Although the T-Mobile Sidekick data disaster caused much gnashing of teeth among the device’s users this week, the incident might not represent as dark a blotch on the concept of cloud computing as it may seem.
Sidekick users lost all their data, which is stored on the infrastructure of Danger, the company that developed the Sidekick and is now owned by Microsoft.
Microsoft later claimed it managed to recover most of the lost data, and it announced plans to restore it soon. Meanwhile, at least two users have filed lawsuits over the issue, and the entire episode has raised questions about the reliability of the cloud.
Clouding Up the Issue
Sidekick users can’t store their data on the devices — it is saved on the infrastructure of Danger. So when users lost all their data, many reports appeared to blame the problem on the Danger cloud.
Coming to the public’s attention shortly after recent reports about hackers attacking Web-based email accounts at Yahoo, Google and Microsoft, as well as social networking sites such as Twitter and Facebook, the Sidekick fiasco worked to strengthen doubts about the reliability of cloud computing.
However, Sidekick users’ data was not stored in a cloud. Cloud storage consists of a combination of virtual and physical servers that create a pool of resources. Servers are called into use when there is demand and taken offline when demand goes down.
Off-site storage, on the other hand, is a fixed resource that is always available, and that’s how Danger’s backup and storage system was structured.
“I think the event is being presented as an issue with cloud computing or with Microsoft technology, but it really does not seem much related to what Microsoft is doing in the cloud,” Al Hilwa, program director of application development software at IDC, told TechNewsWorld.
“Danger has a separate infrastructure based on Java and running on open source products — Linux and MySQL. It runs independently from Microsoft, which is 100 percent on the Windows platform and SQL Server.”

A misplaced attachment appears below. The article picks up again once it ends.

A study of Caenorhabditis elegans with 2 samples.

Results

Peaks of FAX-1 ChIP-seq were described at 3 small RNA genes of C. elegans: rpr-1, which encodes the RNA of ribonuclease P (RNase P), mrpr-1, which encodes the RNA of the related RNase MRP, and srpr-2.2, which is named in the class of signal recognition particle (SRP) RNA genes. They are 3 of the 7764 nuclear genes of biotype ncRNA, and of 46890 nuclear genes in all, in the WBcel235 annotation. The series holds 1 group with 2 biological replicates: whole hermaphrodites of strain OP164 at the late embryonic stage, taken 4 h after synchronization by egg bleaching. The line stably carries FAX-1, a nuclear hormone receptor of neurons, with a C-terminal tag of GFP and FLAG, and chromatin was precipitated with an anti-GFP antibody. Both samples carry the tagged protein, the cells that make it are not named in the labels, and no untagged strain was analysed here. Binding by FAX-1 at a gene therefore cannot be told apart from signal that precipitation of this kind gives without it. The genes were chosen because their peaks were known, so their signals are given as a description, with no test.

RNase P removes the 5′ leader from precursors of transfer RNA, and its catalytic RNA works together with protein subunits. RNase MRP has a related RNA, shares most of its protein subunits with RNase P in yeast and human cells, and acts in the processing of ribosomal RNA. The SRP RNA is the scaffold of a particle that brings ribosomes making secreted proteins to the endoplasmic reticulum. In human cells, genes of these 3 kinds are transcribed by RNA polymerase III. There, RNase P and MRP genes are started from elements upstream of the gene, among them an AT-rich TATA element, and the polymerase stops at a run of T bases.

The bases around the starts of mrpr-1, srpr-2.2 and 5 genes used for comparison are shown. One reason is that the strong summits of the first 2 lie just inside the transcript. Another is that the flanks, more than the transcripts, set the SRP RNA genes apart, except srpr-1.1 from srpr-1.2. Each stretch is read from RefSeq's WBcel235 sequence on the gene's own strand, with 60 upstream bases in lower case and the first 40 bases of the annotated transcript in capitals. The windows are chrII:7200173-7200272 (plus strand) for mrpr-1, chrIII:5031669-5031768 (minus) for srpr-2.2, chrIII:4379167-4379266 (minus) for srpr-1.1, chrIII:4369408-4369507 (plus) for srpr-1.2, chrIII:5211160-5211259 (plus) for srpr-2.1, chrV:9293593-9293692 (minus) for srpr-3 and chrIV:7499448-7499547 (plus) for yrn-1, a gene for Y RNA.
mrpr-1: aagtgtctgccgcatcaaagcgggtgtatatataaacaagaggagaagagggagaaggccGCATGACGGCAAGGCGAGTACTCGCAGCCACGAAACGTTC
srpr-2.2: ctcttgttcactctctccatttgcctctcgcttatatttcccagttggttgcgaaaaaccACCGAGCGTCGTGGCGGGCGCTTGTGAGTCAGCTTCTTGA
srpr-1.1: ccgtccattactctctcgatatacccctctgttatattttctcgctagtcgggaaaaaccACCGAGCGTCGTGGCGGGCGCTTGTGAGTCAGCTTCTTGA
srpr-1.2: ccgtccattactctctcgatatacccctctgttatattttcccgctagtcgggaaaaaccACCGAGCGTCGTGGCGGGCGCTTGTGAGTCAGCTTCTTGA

Danger Is Their Business
Microsoft is involved because it bought Danger last year for a reported US$500 million. T-Mobile, which carries the Sidekick and initially offered customers $20 in credit as compensation, has also been caught up in the issue.
At least two lawsuits have been filed against Microsoft and T-Mobile over the data loss.
Information that supposedly came from a Microsoft insider has kicked up a rumor in the blogosphere that places blame on Microsoft management. A Microsoft executive told technicians upgrading Danger’s storage area network (SAN) that it wasn’t necessary to back up the data before proceeding with the upgrade, the rumor goes.
After asking Microsoft for comment, TechNewsWorld was referred by company representative Brianna Pinder to the latest statement on the issue published on Microsoft’s Web site.
That statement, signed by Roz Ho, corporate vice president for premium mobile experiences (PMX) at Microsoft, stated that most of the data had been recovered and that Redmond would begin restoring the data as soon as possible after validating the data and its restoration plan.
“We will then continue to work around the clock to restore data to all affected users, including calendar, notes, tasks, photographs and high scores, as quickly as possible,” Ho said.” The data loss affected “a minority” of Sidekick users, according to Ho. The next update on the timing of data restoration will be delivered by Saturday, she said.
The data outage was due to a system failure that created data loss in the core database and the backup, Ho said. Microsoft rebuilt the system “component by component,” recovering data along the way, she explained.
Microsoft has made changes to improve the overall stability of the Sidekick service and initiated a more resilient backup process to ensure the integrity of database backups, Ho said.
Independence Is Dangerous
It’s not uncommon for companies to allow their acquisitions to run their own infrastructures, Rob Enderle, principal analyst at the Enderle Group, told TechNewsWorld.
“Danger’s platform was unique, and the migration would have to be done without disrupting the current user base,” Enderle explained. Danger may have stopped doing full backups before Microsoft acquired it and perhaps did not reinstitute the practice.
That could have caused the delay in restoring data. “When the problem occurred, the redundant backup was not initially available, and Microsoft had to rebuild the database,” Enderle said.
“Generally, unless the storage medium has been destroyed, there are a number of ways, all expensive, to recover from something like this, and it appears they were successful,” he explained.
“The problem was the result of bad practices meeting bad circumstances,” Charles King, principal analyst at Pund-IT, told TechNewsWorld, “but it does call into question what consumers can and should expect from a hosted services provider.”
Microsoft had probably not fully audited Danger’s IT procedures, according to Enderle.
“That’s not an uncommon mistake in an acquisition, but one that can be avoided if the acquisition team doing the review is experienced,” he said. “Mistakes can happen, and this was a big one.”